Hopes of progress at the South Asian Association for Regional Cooperation (SAARC) meeting in Kathmandu now hinge on a morning retreat in Dhulikhel in Kavre district, 20 km east of Kathmandu, where leaders will make their case to Pakistan's Prime Minister Nawaz Sharif.
"It is likely that this matter will come up in the retreat," Indian foreign ministry spokesman Syed Akbaruddin said, adding that several states were pushing hard for an agreement.
The retreat is a tradition of SAARC summits where leaders hold private, unofficial bilateral and multilateral talks in a relaxed and informal atmosphere.
Bangladesh also confirmed a final push to convince Pakistan in time for the summit's closing declaration later in the day.
An official in the Nepali delegation who was privy to the discussions said the focus was now on winning support for the electricity pact, which aims to create a seamless power grid across South Asia, one of the world's least integrated regions.
Pakistani officials did not respond to phone calls seeking comment.
India and Pakistan have been trying for years to reach a bilateral agreement for energy sharing across their heavily militarized border in Punjab, but the deal has faced resistance from Pakistan's army.
Despite a free trade pact in force since 2006, high tariffs and restrictions on movement mean trade among South Asian nations makes up just five percent of their total trade.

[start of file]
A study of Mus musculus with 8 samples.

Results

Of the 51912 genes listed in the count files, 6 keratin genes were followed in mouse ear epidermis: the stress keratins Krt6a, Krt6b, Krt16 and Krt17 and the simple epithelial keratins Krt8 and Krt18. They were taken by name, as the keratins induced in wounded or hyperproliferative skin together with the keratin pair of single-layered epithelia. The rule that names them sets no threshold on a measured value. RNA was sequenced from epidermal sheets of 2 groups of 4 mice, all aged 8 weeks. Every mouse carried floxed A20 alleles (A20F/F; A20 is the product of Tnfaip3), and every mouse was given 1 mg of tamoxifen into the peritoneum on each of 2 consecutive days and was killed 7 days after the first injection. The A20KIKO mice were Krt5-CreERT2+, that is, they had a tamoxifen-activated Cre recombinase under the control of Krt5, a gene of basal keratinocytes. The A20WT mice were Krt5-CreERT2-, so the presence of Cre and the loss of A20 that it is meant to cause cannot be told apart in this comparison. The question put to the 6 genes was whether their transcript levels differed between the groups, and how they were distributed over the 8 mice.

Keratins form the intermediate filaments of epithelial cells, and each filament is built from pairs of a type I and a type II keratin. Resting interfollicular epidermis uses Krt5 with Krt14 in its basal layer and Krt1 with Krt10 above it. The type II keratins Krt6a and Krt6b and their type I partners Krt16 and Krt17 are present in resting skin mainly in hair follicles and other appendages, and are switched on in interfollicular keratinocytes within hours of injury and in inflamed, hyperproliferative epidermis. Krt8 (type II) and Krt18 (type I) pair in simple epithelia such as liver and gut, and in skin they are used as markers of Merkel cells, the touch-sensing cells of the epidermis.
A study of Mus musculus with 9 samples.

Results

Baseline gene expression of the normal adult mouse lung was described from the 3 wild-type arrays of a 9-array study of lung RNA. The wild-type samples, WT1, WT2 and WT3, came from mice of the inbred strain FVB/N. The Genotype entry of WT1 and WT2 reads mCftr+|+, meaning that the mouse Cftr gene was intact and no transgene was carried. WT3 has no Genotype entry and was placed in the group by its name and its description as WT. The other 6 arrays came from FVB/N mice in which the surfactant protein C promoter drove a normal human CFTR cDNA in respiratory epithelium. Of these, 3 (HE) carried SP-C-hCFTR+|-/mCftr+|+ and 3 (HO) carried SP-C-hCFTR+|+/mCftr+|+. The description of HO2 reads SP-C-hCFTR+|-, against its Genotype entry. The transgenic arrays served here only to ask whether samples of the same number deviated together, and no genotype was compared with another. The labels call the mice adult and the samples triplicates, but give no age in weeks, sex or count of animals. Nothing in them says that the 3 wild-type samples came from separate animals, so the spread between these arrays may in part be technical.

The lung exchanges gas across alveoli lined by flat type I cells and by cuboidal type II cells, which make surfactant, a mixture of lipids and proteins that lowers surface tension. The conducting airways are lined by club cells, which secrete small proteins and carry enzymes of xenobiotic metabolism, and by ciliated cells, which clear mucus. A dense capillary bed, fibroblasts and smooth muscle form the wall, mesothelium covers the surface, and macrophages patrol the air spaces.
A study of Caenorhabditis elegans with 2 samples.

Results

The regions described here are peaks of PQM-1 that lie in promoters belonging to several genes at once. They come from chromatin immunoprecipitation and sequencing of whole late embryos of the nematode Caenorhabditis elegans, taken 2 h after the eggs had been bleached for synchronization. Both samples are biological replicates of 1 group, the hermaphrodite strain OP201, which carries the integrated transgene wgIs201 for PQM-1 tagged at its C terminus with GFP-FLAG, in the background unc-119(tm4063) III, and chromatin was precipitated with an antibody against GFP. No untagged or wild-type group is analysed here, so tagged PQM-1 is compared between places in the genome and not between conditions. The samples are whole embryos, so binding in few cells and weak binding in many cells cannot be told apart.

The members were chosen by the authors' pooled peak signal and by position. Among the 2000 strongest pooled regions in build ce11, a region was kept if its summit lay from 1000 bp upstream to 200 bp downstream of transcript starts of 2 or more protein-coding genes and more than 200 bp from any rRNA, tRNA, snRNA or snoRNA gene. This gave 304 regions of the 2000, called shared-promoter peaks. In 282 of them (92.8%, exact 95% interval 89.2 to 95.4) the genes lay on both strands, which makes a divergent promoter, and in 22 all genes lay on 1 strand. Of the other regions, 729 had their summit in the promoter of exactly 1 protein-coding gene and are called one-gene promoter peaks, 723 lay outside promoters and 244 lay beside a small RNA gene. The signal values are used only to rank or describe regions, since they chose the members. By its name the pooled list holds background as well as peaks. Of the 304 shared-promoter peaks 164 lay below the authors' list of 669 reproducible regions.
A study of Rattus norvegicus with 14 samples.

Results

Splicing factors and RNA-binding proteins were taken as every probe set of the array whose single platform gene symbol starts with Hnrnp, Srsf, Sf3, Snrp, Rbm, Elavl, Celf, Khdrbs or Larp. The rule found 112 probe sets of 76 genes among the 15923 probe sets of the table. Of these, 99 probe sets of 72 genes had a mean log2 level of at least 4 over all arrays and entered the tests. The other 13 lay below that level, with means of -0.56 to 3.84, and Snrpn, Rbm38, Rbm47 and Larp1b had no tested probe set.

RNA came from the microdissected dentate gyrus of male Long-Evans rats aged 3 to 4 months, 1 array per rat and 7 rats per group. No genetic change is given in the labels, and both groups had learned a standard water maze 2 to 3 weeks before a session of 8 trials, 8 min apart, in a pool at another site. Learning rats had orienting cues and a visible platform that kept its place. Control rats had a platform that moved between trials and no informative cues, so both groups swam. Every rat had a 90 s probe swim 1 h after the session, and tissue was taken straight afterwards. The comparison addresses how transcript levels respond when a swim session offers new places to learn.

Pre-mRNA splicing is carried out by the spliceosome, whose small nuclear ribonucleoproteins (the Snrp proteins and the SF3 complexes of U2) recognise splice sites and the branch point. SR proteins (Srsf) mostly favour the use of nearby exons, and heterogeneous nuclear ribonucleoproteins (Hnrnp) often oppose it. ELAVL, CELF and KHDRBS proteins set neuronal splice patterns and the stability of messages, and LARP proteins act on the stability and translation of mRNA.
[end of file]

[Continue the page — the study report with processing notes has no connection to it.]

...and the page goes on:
Transit is so restricted across the border that large volumes of Indian goods can only reach Pakistan via Dubai.
Also last month, Pakistan agreed on electricity transit fees with Afghanistan, a step towards importing energy from Central Asia.
The squabbling between India and Pakistan has held back SAARC for years, with the two sides' disagreements preventing progress in the consensus-based grouping.
Modi is keen to make South Asia a viable counterweight to China and on Wednesday warned that regional integration would happen "through SAARC or outside it."
China is an observer at SAARC, and Vice Foreign Minister Liu Zhenmin has promised $30 billion for road building in the region over five years, and suggested increasing trade to $150 billion in the same period.
Other observers are Australia, China, the European Union, Iran, Japan, Mauritius, Myanmar, South Korea and the US.
Pakistan, Bangladesh, Sri Lanka and the Maldives on Wednesday favoured greater interaction with the observer nations in the eight-nation grouping.